Visual fields

This abstract was presented today, May 2th at the 2016 Association for Research in Vision and Opthalmology (ARVO) meetings in Seattle, Washington by Michael Kalloniatis, Robert E. Marc, Sieu K. Khuu, Jack Phu, Barbara Zangerl, Lisa Nivison-Smith, myself, and Rebecca L. Pfeiffer. 

Abstract Number: 4745

Author Block: Michael Kalloniatis, Robert E. Marc, Sieu K. Khuu, Jack Phu, Barbara Zangerl, Lisa Nivison-Smith, Bryan W. Jones, Rebecca L. Pfeiffer
1 Centre for Eye Health, SOVS, University of New South Wales, Kensington, New South Wales, Australia; 2 SOVS, UNSW, Sydney, New South Wales, Australia; 3 Univ of Utah/Moran Eye Center, Salt Lake City, Utah, United States

Disclosure Block:Michael Kalloniatis, 2014/094035 A1 (USA) and 13865419.9 (EU) (Code P (Patent) ); Robert E. Marc, None; Sieu K. Khuu, 2014/094035 A1 (USA) and 13865419.9 (EU) (Code P (Patent) ); Jack Phu, None; Barbara Zangerl, None; Lisa Nivison-Smith, None; Bryan W. Jones, None; Rebecca L. Pfeiffer, None

Purpose:To identify areas within the visual field with matching contrast sensitivity (CS) signature patterns as a function of age using pattern recognition and determine the discrimination of CS data when using spatially equated test stimuli compared to the single size Goldmann (G)III alone.

Methods:52 subjects (classified in decade age groups from 20-60+ years) were tested using the Humphrey Visual Field Analyser 30-2 paradigm in full threshold mode for GI to GV. At least two thresholds were obtained per size. Two visual field maps were analyzed: a spatially equated visual field where GI was used centrally, GII mid-peripherally and GIII in the outer rings to place the test size at or close to complete spatial summation and a second where a single GIII was used at all locations. Thresholds were expressed as dB* (Khuu & Kalloniatis, IOVS 2015), converted to pixel values and analyzed using an unsupervised classification using isodata clustering (PCI, Geomatica, Canada). Class separation was extracted across the ages to develop dot plots of decade measures of CS.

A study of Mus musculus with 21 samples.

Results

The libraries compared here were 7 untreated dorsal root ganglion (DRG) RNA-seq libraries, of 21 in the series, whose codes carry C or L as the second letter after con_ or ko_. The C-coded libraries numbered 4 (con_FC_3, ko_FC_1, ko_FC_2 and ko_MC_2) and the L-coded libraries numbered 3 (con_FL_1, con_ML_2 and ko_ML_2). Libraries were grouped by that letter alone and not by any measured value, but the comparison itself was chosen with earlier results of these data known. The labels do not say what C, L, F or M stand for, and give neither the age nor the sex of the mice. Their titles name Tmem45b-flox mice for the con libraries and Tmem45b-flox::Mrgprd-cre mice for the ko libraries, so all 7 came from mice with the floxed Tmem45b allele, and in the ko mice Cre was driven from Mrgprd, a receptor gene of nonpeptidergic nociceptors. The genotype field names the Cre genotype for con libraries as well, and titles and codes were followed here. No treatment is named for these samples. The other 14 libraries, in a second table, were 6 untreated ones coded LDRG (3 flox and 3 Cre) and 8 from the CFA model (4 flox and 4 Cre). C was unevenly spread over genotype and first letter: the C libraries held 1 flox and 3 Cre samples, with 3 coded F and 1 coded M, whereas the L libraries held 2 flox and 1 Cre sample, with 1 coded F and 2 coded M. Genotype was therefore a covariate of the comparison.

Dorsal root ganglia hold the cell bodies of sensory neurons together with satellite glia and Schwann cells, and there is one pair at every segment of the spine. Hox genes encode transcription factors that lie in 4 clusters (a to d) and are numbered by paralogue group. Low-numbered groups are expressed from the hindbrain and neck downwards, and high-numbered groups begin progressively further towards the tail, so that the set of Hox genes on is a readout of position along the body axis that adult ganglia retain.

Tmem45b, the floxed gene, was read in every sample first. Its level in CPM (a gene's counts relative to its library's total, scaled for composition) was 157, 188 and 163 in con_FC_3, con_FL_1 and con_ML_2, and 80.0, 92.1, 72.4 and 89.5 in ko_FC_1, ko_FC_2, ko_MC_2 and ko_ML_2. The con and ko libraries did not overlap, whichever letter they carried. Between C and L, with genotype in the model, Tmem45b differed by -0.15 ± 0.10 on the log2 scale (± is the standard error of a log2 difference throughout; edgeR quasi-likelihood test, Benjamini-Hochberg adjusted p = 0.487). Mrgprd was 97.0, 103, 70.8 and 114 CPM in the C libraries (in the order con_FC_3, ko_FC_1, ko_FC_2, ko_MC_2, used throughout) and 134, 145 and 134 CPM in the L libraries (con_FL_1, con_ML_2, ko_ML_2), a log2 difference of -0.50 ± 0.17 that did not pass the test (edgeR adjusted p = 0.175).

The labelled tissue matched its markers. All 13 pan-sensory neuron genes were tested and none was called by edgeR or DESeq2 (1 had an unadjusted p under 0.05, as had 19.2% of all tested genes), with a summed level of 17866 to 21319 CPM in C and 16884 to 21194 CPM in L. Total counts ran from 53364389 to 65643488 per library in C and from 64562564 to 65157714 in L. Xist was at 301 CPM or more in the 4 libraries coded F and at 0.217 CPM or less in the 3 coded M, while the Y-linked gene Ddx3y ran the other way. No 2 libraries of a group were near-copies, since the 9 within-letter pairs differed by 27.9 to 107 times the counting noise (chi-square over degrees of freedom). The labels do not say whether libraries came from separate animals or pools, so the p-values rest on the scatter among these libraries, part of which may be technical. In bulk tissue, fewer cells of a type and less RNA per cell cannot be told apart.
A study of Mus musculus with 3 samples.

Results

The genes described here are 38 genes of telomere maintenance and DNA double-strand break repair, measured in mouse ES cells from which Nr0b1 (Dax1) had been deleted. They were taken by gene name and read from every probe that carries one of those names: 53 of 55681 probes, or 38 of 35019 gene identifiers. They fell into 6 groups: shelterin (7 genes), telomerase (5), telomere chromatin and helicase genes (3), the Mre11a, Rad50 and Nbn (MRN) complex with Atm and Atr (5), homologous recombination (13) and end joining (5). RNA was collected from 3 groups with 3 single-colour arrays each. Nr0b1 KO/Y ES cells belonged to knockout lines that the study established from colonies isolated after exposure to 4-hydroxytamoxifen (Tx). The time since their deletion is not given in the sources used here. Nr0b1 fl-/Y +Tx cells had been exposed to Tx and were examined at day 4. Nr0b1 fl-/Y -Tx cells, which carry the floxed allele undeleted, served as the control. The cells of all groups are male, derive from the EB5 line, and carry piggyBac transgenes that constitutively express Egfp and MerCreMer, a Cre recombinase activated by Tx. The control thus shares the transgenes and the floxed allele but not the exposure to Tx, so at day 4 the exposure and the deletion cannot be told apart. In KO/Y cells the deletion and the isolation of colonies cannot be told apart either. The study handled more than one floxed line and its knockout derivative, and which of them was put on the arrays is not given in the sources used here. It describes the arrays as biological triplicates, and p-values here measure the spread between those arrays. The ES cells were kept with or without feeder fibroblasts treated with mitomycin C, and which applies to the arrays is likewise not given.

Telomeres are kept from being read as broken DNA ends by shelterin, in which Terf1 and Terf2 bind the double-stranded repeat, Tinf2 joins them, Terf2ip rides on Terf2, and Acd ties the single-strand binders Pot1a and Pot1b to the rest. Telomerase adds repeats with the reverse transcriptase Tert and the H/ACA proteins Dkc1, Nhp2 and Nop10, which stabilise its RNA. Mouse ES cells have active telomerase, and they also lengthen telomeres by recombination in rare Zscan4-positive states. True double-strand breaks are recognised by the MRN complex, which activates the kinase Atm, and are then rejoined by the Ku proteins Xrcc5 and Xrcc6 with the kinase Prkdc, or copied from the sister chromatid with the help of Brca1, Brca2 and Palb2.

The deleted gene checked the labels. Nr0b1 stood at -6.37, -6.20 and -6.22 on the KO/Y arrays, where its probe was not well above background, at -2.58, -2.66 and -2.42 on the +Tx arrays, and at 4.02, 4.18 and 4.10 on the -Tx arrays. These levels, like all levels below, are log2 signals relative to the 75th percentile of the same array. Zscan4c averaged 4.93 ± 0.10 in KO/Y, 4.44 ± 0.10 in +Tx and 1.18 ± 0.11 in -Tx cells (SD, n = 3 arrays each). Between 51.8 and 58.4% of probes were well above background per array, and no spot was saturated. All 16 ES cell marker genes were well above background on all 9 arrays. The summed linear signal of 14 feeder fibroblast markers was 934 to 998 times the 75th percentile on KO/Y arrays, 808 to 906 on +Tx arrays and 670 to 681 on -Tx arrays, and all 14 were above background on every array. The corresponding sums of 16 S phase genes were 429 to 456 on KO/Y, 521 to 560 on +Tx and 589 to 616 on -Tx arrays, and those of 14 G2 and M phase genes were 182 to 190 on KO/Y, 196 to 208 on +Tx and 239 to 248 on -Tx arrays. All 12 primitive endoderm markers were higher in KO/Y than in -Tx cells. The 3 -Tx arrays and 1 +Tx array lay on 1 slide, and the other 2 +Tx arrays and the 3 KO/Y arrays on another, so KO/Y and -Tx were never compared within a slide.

Results:The 77 data points across the central 60° visual field can be distilled into 6 functional classes using the spatially equated visual field (Class separation 1). The 6 classes reflect areas in visual space that change in a similar manner across the ages. The use of the single GIII target resulted in only 4 classes displaying a poorer discrimination over the central visual field (Class separation 2). Extracted dot plots from class separation illustrated average CS within each class could be assessed across the decades.

Conclusions:When using spatially equated visual field testing, concentric areas were separated into distinct CS signatures consistent with known visual field sensitivity. We confirmed these areas change systematically with age. GIII failed to discriminate central areas of the 30-2 that likely reflects the fact that this size operates outside complete spatial summation and thus may not be the optimal test size for assessing visual function in the central visual field. More importantly, we showed pattern recognition can be applied to complex visual field data sets to identify common features and age-related visual function changes. This analysis allows regions to be averaged as they are statistically identical: this approach will likely assist structure-function studies.